In the last decade Honduras has quietly become the most violent country in the world.

The nation has one of the highest homicide rates in the hemisphere and has emerged as the principal transshipment point in the region for cocaine to the U.S.

Its corrupt political system has set the tone for a feudal residence fueled by gangs and drug trafficking. This November held the nation’s 2014 presidential race, but even that has not gone without the countries trademark of murder, corruption and scandal.

Xiomara Castro, the wife of ousted ex-president Manuel Zelaya, was counted to have won the presidency and claimed victory through her Twitter, but
so did her opponent Juan Orlando of the National Party.

Castro represents the newly created Free Party which is a change from the nations usually domination between its National Party and its Liberal Party.

The gridlock and confusion represent more of the same for the Honduran country. It doesn’t matter who is elected. Although each candidate may claim to represent a lobby toward change and progress, the truth is that neither would dare any dramatic change in the countries corrupt political institution.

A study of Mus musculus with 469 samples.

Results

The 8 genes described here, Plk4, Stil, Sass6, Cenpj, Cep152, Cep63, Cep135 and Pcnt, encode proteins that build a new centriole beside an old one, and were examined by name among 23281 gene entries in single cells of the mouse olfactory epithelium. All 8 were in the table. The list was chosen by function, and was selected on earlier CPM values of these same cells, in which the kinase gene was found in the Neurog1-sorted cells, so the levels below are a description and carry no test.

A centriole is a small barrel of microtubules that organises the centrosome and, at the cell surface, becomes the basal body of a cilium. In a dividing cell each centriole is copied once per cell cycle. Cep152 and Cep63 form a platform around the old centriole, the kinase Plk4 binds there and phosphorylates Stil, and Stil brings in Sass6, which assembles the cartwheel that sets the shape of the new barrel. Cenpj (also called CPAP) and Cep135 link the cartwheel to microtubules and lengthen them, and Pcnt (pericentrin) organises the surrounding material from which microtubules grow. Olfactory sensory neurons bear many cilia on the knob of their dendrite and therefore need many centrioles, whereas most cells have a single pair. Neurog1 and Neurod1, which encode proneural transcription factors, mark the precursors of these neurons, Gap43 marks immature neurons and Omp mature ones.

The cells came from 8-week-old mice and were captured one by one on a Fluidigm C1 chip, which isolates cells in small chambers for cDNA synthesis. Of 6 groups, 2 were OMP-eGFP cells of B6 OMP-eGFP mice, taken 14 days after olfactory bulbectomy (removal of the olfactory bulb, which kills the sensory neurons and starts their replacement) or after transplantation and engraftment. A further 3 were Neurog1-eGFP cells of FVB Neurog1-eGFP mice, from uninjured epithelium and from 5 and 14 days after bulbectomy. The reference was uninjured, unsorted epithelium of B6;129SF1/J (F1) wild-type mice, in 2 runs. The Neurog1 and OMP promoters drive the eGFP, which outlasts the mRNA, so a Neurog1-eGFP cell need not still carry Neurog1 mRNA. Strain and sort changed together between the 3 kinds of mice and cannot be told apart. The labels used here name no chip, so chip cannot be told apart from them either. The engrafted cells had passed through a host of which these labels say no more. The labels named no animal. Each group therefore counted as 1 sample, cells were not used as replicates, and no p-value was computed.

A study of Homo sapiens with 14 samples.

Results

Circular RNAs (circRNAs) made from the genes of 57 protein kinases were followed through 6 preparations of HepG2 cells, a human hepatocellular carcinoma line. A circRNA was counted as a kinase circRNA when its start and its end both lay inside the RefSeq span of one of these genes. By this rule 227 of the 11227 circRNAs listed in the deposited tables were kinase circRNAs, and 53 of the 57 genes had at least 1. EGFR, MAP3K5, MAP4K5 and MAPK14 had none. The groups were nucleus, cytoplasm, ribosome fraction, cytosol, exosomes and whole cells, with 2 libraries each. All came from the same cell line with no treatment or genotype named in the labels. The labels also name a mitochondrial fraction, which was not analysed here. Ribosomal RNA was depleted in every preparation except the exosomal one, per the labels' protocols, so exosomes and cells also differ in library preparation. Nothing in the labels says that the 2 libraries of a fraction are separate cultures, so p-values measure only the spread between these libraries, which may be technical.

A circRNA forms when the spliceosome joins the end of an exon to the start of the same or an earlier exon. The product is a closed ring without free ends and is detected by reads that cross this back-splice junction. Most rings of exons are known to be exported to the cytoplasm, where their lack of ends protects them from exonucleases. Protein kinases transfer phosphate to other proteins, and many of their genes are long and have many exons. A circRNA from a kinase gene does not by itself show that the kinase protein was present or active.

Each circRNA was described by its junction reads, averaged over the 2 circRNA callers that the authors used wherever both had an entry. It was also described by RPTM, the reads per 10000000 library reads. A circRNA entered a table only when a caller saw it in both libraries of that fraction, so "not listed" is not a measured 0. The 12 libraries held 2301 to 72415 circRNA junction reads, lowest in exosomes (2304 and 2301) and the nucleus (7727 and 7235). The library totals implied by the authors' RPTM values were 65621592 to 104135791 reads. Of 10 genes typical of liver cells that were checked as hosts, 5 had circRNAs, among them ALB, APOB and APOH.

The countries violent resistance to any dramatic changes is the derivative of the countries crisis in the first place.

Any candidate who would dare to make any type of considerable reform in the countries direction (as president Zelaya tried) would be doing so in direct threat of his or her own life.

Castro’s campaign as a Free Party is a noble counter to the digressing connotation of the Honduran country and its political system, but neither her candidacy nor any of her opponents may offer any real life resolution to the violent financial crisis that Honduras sunk itself into.